Case alert – Singh v The City of Cardiff Council [2017] EWHC 1499 (QB)

The High Court found a Local Authority was not liable for personal injuries sustained by the Claimant after falling in a brook following a night out.

The Facts

The Claimant was walking home along a footpath leading to a footbridge over a brook, when he fell and sustained severe injuries.

Blood tests were carried out the following morning which showed the Claimant had consumed a considerable amount of alcohol equivalent to 2 and ½ times the legal limit for driving.

The footpath is used frequently by members of the public and the Claimant going to and from a housing estate. The path is approximately 2 metres wide, with two lampposts on either end of the pathway, and concrete edging units along the side. At the point where the footpath approaches the bridge, one of the concrete edging units was missing and other edging units were cracked and uneven.

The Claimant gave different accounts of how he ceased to be on the path and came to be on the sloping ground adjacent to it, including slipping on pebbles and going into the bushes after hearing someone in distress.

The Issues

The court had to decide whether the injuries were caused by:

  1. A breach of duty under section 41 of the Highways Act 1980 to maintain the footpath;
  2. A breach of duty owed by the council under section 2 of the Occupiers' Liability Act 1957; or
  3. Common law negligence.

The Decision

Section 41 of the Highways Act 1980

The Claimant argued the unevenness of the surface of the footpath and the irregularity of the concrete edging unit, gave rise to a state of disrepair which caused the Claimant to slip off the path.

The court held any alleged defect in the footpath did not cause the Claimant's injuries. The judge concluded the Claimant voluntarily stepped off the footpath after hearing a noise in the bushes and stood on the ground adjacent to it. He then lost his balance, fell backwards and slid down the slope on his back, feet first into the brook. Furthermore the broken and uneven edging units were not considered to be in a state of disrepair for the purposes of this case, as the footpath was wide enough for persons to pass without having to step on the edging units.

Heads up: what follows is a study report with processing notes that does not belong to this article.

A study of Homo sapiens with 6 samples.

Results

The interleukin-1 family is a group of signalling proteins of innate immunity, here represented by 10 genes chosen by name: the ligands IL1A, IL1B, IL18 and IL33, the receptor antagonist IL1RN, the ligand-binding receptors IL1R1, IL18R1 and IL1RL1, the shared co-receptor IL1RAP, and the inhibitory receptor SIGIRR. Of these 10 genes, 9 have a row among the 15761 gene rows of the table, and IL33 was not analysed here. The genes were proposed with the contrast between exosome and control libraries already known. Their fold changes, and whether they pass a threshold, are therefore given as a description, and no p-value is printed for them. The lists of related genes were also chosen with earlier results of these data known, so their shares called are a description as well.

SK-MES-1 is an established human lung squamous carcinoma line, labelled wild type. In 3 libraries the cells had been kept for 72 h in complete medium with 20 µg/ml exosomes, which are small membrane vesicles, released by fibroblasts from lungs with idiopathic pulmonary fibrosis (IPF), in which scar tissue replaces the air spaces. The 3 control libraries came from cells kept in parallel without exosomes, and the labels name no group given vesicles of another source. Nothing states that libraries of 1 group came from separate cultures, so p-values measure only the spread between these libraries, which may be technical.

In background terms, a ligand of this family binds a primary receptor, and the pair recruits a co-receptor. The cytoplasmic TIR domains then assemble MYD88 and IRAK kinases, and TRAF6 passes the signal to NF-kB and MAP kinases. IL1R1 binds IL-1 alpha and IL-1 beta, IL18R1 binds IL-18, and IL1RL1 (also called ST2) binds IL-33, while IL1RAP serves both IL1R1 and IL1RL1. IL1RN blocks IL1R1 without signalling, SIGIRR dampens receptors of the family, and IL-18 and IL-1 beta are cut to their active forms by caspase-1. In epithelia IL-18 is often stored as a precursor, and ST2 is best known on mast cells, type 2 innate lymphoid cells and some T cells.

There were no records of any other accidents occurring at this location and whilst the judge emphasised his conclusion was not dependent on this fact, it reinforced the conclusion that he reached.

Section 2 of the Occupiers' Liability Act 1957 ('OLA')

The Claimant submitted the Defendant was the occupier of the land adjacent to the path and as the Claimant was permitted to enter onto the land the Defendant had a duty to ensure it was safe by fencing the top of the bank.

The court held the council had taken reasonable steps to ensure persons who used the adjacent land for the purposes incidental to use of the footpath were reasonably safe in doing so. It was obvious to persons who stepped off the footpath that there was a steep slope to the left which led to a brook. Furthermore the Claimant willingly accepted the risks of falling into the brook as he voluntarily stepped off the footpath.

Common law negligence

It was held the Local Authority was not negligent under common law as the footpath and footbridge did not create a hazard or introduce a danger and therefore did not cause the Claimant's injuries. The footpath was 2 metres wide leading to a footbridge over a brook which had guard rails along the side.

Contributory negligence

The judge stated even if he had found the Defendant liable under section 2 of the OLA he would have made a finding of contributory negligence of 70% due to the Claimant's intoxication.

What can we learn?

  • The courts will consider whether there are records of previous accidents of a similar nature at the location in question. Whilst a court's conclusion will not be dependent on this information, the absence of records will be influential in the court's decision.
  • The courts will consider the purpose and function of the premises when deciding if it defective under section 41 of the Highways Act 1980. In this case, whilst the concrete edging units were broken and uneven, the risk of a person injuring themselves on them is relatively low as the footpath is wide enough for persons to pass without having to walk on the edging units.
  • The Claimant's intoxication will usually be a significant factor when it comes to contributory negligence; however it is important to note that this is not always the case. See AB (A protected party by his litigation friend, CD) v Pro-Nation Ltd [2016] where the judge held drinking and having a moment of inattention did not constitute blameworthiness used for a finding of contributory negligence.